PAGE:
As a former ardent vegan, I completely understand the decision to adopt a plant-based diet. I understand and I honor that choice as one that is personal and one that has been effective, to scale, in awakening people to the flaws in our food system. I no longer choose a plant-based diet for several reasons, none of them having to do with a dysfunction in my personality or a lack of compassion. I do this, and my work as an author and educator, with full recognition of the fact that there are many ardent vegans who will not be able to put those puzzle pieces together: the conscious decision to eat animals and an intact compassion and deep mindfulness of the world and its inhabitants. In fact, one entire layer of that conscientious intention has to do with the careful avoidance of negativity that comes from those who disagree with me. I write this after a gracious offer from the Opinion editor of Mountain Xpress and am grateful for the opportunity.
I have written The Ethical Meat Handbook not as a murderer with a passion for death, but as a guide for humans who choose, as I do, to eat meat, or who require meat for their health. It is obvious that after many years of vegan activism, we still have people on earth who choose to eat meat and many more who do not have the luxury of cherry picking the contents of a meal. The book seeks to address those people. In my quest to be useful in the world, I have decided it is less helpful to scorn and gripe about how the world should situate itself to support a singular point of view, and more helpful to assess the world as it is, and propose mindful solutions for as many beings as I can see, regardless of diverse emotional convictions. I believe it will take vegan approaches and nonvegan approaches to inform useful change.
Having never called myself “the ethical butcher,” I speak and provide demos in all types of cooking, including vegan cooking. I have been invited to Wild Abundance [this] weekend to assist with the annual Cycles of Life class, and there will be nothing pleasing to me about slaughtering a sheep. There never will be anything easy or lovely or pleasurable to me about slaughter. That said, having spent over 15 years in deep study and practice of agriculture and food processing, I have close experience with the life-death-life cycle that informs nature as a whole. This cycle informs the production of crops like soy and hemp, and it informs the production of meat. I strive to see the whole system in all things, live my life in service of holistic thought and practice, and work daily to expose the interdependence and synergy of systems to others. This is the overarching perspective I hope to bring to Wild Abundance [this] weekend, in service of life.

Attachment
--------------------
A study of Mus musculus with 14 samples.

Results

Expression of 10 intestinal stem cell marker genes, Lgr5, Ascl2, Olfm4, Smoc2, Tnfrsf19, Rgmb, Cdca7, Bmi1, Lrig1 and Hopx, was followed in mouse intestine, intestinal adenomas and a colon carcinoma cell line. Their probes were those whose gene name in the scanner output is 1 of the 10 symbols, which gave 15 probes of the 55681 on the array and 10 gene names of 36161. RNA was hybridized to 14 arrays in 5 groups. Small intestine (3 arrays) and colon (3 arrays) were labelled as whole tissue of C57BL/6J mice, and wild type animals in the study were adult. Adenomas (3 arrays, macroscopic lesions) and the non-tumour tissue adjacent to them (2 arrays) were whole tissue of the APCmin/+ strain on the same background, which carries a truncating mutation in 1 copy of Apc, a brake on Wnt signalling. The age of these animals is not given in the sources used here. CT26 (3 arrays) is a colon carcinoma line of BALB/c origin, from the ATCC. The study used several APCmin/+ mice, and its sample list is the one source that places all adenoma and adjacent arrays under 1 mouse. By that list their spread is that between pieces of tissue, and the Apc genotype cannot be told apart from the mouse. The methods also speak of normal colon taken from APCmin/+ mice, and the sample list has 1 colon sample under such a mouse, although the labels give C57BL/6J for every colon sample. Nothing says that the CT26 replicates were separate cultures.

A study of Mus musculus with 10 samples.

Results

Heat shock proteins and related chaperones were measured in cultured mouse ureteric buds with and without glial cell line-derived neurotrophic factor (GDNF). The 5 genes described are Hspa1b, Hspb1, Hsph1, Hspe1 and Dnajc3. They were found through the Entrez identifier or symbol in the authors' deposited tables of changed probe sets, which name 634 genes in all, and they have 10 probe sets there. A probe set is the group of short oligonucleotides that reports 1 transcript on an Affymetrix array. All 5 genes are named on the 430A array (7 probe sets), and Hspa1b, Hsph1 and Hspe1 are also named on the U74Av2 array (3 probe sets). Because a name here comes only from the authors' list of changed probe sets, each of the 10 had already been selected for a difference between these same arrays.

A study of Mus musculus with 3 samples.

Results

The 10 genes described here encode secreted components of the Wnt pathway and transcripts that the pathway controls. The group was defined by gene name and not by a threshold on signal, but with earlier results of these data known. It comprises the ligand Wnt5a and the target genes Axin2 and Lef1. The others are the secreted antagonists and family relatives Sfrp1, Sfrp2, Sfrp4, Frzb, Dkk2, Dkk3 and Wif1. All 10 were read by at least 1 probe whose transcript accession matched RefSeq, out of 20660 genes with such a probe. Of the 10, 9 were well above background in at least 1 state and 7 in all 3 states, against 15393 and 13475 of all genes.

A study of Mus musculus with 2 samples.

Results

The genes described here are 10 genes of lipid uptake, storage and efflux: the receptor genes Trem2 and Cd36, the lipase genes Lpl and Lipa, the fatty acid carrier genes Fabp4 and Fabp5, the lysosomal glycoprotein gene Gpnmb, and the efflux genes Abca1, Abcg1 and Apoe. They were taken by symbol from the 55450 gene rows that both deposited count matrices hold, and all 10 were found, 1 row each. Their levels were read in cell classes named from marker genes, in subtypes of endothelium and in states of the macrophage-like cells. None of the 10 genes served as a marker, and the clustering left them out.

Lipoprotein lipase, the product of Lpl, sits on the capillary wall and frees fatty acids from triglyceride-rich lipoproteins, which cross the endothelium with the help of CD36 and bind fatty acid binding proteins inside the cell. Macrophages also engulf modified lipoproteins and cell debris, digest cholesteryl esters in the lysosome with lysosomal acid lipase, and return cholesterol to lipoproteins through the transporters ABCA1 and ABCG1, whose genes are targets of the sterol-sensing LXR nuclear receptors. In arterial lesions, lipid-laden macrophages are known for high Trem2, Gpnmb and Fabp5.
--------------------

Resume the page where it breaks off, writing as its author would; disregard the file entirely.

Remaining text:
The assertion that animals are inefficient converters of energy and abusers of land and resources is based on the same reductionist science that has been used to measure and build the same industrial system of calorie production that both vegans and conscious meat eaters oppose for its purpose of producing money and its simultaneous creation of disproportionate hunger, disease, waste, anger, war, global warming and endless other distresses. Both groups oppose this system that does not function in service of the cycles of nature.
Where disconnect begins between these groups is in the analysis of the system and in the diverse opportunities and challenges we face in fixing it. The food system is vast, complex and very broken. Spending over half of my life deeply committed to understanding its political, environmental, social and scientific underpinnings has led me to a radical assertion that the people who eat meat in America have more potential impact on changing the system in a positive way than the people who don’t eat meat. I do not expect this assertion to be easy or comfortable or intuitive. That our solutions to vast problems may be initially uneasy, uncomfortable and counterintuitive is the essence of any education I provide on food and farming, and far too complex to distill in a letter.
The misquoted statement about ego, which is taken entirely out of context, has nothing to do with “might makes right,” but rather a deep contemplation of the role of ego and projection in our collective experience of death. This contemplation can apply to the death of a sheep and also to the death of our human counterparts. It is not at all surprising that those who refuse to listen to and consider a perspective that is not aligned with their own continually fail to understand it.
The Cycles of Life class scheduled for [this] weekend is not about deriving pleasure from pain or bonding with an individual animal or serial killing or “might makes right.” It is also not about singular death. It is about life and awareness, holistic dynamism and inevitable change. It is about the synergy of life and death, a baffling collusion of opposites that humans have struggled to grasp physically and spiritually since the dawn of our species. The dance of life and death is even more complicated than the idea of vegans and conscious meat eaters perhaps someday working together to conjure a more positive culture and a healthier world. I have space, time and daily energy for both of these wild ideas.
— Meredith Leigh
Author, The Ethical Meat Handbook
Editor’s note: This letter is in response to the letter “Sheep Slaughter Is Unnecessary” in this issue. Also, an update: Leigh stated in a Nov. 14 blog post that she will no longer be the person slaughtering the sheep at the workshop, but that another farmer will conduct the demonstration.